Oscar at 77

Thursday, Mar 3 2005

I’m all for it, in principle. For years, the "death reel" has been my sentimental favorite, though the list of recently deceased was suspiciously short this year. But really — aside from the lovely tribute to Sidney Lumet, who would richly deserve his Lifetime Achievement Award if there were nothing but Dog Day Afternoon on his resumé, and the honorary award to Roger Mayer for propping up film preservation and the Hollywood aged — what was to like this year?

After cleaning up the lion’s share of the big spoils, Clint Eastwood said, "The senior gals and guys are there, willing to do their best for you." Glad to hear it, but their best wasn’t good enough for me this time around. Million Dollar Baby: a perfectly okay movie as ludicrously oversold as was last year’s Mystic River. Hilary Swank: fine, though hardly up to Kate Winslet’s vibrantly complex turn in Eternal Sunshine of the Spotless Mind. Morgan Freeman: should have gotten Best Supporting Actor for Unforgiven, but far from his best here in a hackneyed role as Eastwood’s black sidekick. As to The Aviator, aside from a couple of ooh-ah set pieces the movie is a shallow biopic, and even the estimable Cate Blanchett (easily the evening’s number-one looker in a no-frills yellow gown) wasn’t so much acting as overdoing an imitation of the late, great Kate.

For my money, the best picture of the year hands down was The Incredibles, which earned a raucous cheer from the otherwise dispirited friends I was watching with when Brad Bird won Best Animated Feature, and again when the lovely Edna, fashion consultant to the Superfamily, showed up to give Pierce Brosnan grief. I’d have given Best Actor to Don Cheadle, but I was okay with Jamie Foxx (and his formative granny) for Ray, though I’d rather have seen him win Best Supporting Actor for Collateral, one of the two criminally overlooked pictures of the year. The other being Jonathan Demme’s clever, suave The Manchurian Candidate, and quelle scandale that Meryl Streep, who had the time of her life transposing Angela Lansbury into Hillary Clinton crossed with Condi Rice, wasn’t even nominated for Best Supporting Actress. Had they consulted me, she’d have won in a three-way tie with Laura Linney for Kinsey and the unsung, un-nominated Juliet Stephenson, who channeled volumes of wit through lightly raised eyebrows as Annette Bening’s assistant in the otherwise slight Being Julia.

As to Chris Rock, how could the poor bastard help but fail, having been simultaneously pre-sold by the media as Mr. Controversy and pre-warned by the Academy to hold the expletives and the politics? Aside from Rock’s amusing trip to the Magic Johnson Theater — where Sideways is, shall we say, not a known quantity, let alone a hot ticket — there was little to laugh at but Robin Williams’s wicked (if severely truncated by that cowardly lion, ABC) riff on Spongebob Squarepants’ sexual preferences and the Botoxed bevies of Beverly Hills. Nor was there a single moment of danger, with the closest thing to dissent being Sean Penn wagging his finger at Rock for dissing Jude Law. One longed for a political wacko — the ghost of Brando perhaps, or Michael Moore, or Sean Penn for that matter — to liven up the proceedings. Even pomposity was in short supply, unless you count Mike Myers mischievously quoting André Bazin. In the department of Disruption and Bad Manners there wasn’t much going on either: A Best Short Film nominee was captured enjoying a quiet snooze, Javier Bardem (admittedly a glaring omission for Best Actor) didn’t show to cheer director Alejandro Amenabar when he won Best Foreign Film for The Sea Inside, and Born into Brothels’ Ross Kauffman found it necessary to publicly remind his co-director and former squeeze Zana Briski that he is today her partner only in filmmaking.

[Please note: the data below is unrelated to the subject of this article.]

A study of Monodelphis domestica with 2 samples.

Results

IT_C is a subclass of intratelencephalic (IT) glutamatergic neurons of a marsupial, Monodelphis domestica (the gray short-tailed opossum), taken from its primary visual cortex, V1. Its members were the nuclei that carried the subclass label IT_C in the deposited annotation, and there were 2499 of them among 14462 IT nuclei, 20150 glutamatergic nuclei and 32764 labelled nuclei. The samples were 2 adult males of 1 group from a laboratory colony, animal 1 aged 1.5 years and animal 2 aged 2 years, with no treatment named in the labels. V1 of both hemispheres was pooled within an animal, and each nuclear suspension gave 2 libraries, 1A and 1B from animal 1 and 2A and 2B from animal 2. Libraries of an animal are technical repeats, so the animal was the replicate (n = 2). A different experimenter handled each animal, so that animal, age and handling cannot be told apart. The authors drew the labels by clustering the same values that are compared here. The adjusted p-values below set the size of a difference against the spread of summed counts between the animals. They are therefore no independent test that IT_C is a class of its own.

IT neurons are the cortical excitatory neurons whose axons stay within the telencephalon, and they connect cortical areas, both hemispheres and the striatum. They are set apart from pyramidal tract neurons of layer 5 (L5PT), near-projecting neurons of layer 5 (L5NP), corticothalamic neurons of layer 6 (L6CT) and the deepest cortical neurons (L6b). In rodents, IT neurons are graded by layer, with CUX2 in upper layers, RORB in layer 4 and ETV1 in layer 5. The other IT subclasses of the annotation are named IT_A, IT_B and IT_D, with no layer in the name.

In general, other than the tuneless ditty — written by Jorge Drexler, crooned by a hapless Antonio Banderas and smothered in hot licks by Carlos Santana — that won Best Original Song for The Motorcycle Diaries, there was as little to gripe about as there was to praise, always a bad sign. Still, there’s always the apparel. Aside from a few tastefully garbed lovelies like Bening and Kirsten Dunst in classic black and Oprah in gold lamé, the prevailing aesthetic seemed to be mermaid chic topped with humongous chandelier earrings. Poor Laura Linney arrived in hair so gooped it made her look like a freshly oiled sea lion. Some postmortem fashion mavens swooned over Hilary Swank’s dress, but to me it looked like a pneumatically enhanced Speedo with a fish tail ("I’m just a trailer park girl" being no excuse). Beyoncé’s eyelids sagged beneath the exponentially increasing lashings of glitter piled on between songs. Johnny Depp seemed to be going for a young Mark Twain look. Natalie Portman looked as if she’d been wrapped in restroom-brown tissue paper. But even Barbra Streisand, in a gown that made her look great with child, was the very essence of glamour compared to some of the getups at Saturday’s equally downbeat Spirit Awards (Chris Rock would have been better placed there than Sam Jackson, a fine actor and cool dresser but no MC), where, in keeping with Sideways’ sweep of the awards, a casual dress code got completely out of hand. Presenter Marisa Tomei came close to worst-dressed in a dress clearly inspired by a vegetable garden in late autumn. But Maria Bello took the cake in a peasant number that looked as though it had been designed by Leo Tolstoy while suffering an aggravated attack of serf envy. Good swag, though.